World’s first 100 watt equivalent LED replacement bulb

World’s first 100 watt equival...
Switch Lighting's 100 watt-equivalent LED bulb
Switch Lighting's 100 watt-equivalent LED bulb
Switch Lighting's 100 watt-equivalent LED bulb
Switch Lighting's 100 watt-equivalent LED bulb
Switch Lighting's 100 watt-equivalent LED bulb

Currently the brightest options for those looking to ditch their incandescent light bulbs in favor of the longer life and more energy efficient LED variety are those equivalent to 60 watt incandescent bulbs, such as the GeoBulb II. Things got a little brighter last month when California-based Switch Lighting announced its 75 watt-equivalent LED bulb and now the company has gone one better with the announcement of what it claims is the world's first 100 watt-equivalent LED bulb.

To solve the problem of LEDs projecting light in only one direction, Switch has mounted outward-facing LEDs on metal fingers. But the real key to the brighter bulb is the company's "City of Light" technology that allows for maximum brightness with fewer LEDs by creating a self-cooling environment inside the bulb. To draw heat away from the LEDs, the bulb dome is filled with a nontoxic liquid that flows out towards the surface of the bulb as it warms. The heat then dissipates evenly over the surface of the bulb and the liquid is then drawn back in to repeat the process.

Switch Lighting says all its LED bulbs offer incandescent quality light and the 100 watt-equivalent LED bulb is no exception. The bulbs are also dimmable and can be mounted in any direction. Additionally, in accordance with the Cradle to Cradle principals, all parts of the bulb can be reused, recycled or reclaimed.

Switch Lighting's Chief Strategy Officer, Brett Sharenow says the company's 100 watt-equivalent A19 bulb produces 1700 lumens in neutral white, which is the same white color as halogen track lighting. Switch Lightbulbs will be available later this year and the company says it will also offer a warm white version of the 100W equivalent bulb in mid- to late-2012.

While no concrete pricing has been announced, Switch Lighting says its LED bulbs will cost much less than existing LED bulbs. A figure of US$20 to $25 for the company's 15.5 watt, 75 watt equivalent bulb is being bandied about, which would see the bulb paying for itself in about a year and is much lower than other LED replacement bulbs currently available.

UPDATE: Switch's 100W e LED bulb consumes 16W with an efficacy of 100 Lumens/Watt. Switch says it has an average lifetime of 20,000 hours and is dimmable from 20 to 100 percent.

Cool design, but I\'d like to know how many watts this uses
100 watts equivalent ,ok. What about real watts?
Paul Anthony
I want one! No I want 20, unfortunately I am not willing to shell out $500 hard earned dollars to get them.
I don\'t get it. All this hoohah about 72 lumens per watt? At $20 per bulb? Regular old electronic ballast fluorescent tubes get 80-100 lumens per watt. Yes that\'s better than 17 l/w from an incandescent, but that\'s not hard to beat. LEDs are good for harsh environments or confined spaces, but not for regular old building lights.
Gee Gizmag!! I love u guyz but... what is THAT? Aren\'t ya missing something here? Anybody can build an LED-based bulb that can replace a 100 watt incandescent, the trick is to build one that uses so little power that it is actually worth doing it. Looking at the company website: for their 60 watt replacement bulb they state \"16 watts\" of power needed to obtain the 60-watt-equivalent light output. Lumens per watt for that product are 75. If the 100-watt-equivalent bulb has a comparable performance, it would consume 21.3 watt to get to that 100-watt-equivalent light output. That is good, but not outstanding. There are conventional compact fluorescents (mercury containing, an thus not very nice) with a comparable efficiency available, and have been for over a decade. LEDs already on the market exist with a light output of 100 lumens per watt, albeit not in the most desirable wave lengths that people want to light up their living rooms with. Laboratory records have recently gone up to near 200 lumens per watt, but are far from production. For the time being, people will still buy compact fluorescents if they want to save energy without draining their wallet. Only if they also want to be nice to the earth and not poison their children\'s drinking water supply, they will shell out the four, five, or eight times higher cost to get one of these new LED products. I hope to see some of these relevant numbers in future Gizmag articles about LED lighting. And yes, I still dearly love you, Mag. My sweet Giz.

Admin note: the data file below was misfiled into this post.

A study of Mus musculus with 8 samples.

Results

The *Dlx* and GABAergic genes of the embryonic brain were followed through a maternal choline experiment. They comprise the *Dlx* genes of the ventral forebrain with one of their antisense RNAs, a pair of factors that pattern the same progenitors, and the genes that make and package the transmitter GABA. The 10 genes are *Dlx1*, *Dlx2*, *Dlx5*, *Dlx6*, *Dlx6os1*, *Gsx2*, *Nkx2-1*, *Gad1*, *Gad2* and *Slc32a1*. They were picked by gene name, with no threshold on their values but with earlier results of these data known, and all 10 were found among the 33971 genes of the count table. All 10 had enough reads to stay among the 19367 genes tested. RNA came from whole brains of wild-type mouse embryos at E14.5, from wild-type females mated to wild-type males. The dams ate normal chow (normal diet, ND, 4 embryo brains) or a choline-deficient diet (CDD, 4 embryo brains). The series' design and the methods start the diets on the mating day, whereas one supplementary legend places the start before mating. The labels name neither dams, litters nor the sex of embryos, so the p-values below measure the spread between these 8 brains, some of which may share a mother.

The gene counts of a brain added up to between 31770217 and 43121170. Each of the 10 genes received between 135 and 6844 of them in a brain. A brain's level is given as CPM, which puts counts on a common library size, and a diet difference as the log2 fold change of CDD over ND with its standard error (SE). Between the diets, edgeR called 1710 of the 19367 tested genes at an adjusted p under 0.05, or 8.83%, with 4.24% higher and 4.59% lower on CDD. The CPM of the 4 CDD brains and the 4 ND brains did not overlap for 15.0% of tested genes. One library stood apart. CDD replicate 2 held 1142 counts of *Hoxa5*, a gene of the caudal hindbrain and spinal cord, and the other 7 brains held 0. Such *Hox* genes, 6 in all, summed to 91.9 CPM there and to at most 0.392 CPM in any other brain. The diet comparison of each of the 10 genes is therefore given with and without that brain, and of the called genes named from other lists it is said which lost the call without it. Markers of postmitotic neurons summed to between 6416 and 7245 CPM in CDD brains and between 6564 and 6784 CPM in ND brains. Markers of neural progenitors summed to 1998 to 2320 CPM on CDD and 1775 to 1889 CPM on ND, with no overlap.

James Van Damme
You put that isotropic pattern LED in a conventional lamp, and the shade attenuates half the light. I want a lamp that incorporates an LED array effectively, so that I get the light where I want it, without glare or shadows.
Mark Burgunder
Guys, this is hardly a first. Have a look at the EarthLED EvoLux (http://www.earthled.com/evolux-led-light-bulb.html). For 13 watt you got 100 watt equivalent lighting. We\'ve got a number of these over a year ago and couldn\'t be happier with them.
The picture is so bright I had to put on my sunglasses to look at it! We have come along way sense burning whale oil but there is along way to go. The first goal should be price and then the product. If you could only combine photo illuminating chemicals, florescent and LED at an affordable cost then you will have my full attention.
Mr Stiffy
I made my own LED lamp that runs off 240V. Just string together enough 3.5V very high brightness LED\'s, to run them at about 80% maximum input voltage - bingo = very bright and an interesting project.
Am I the only one here who absolutely HATES the \"light\" these wretched things produce?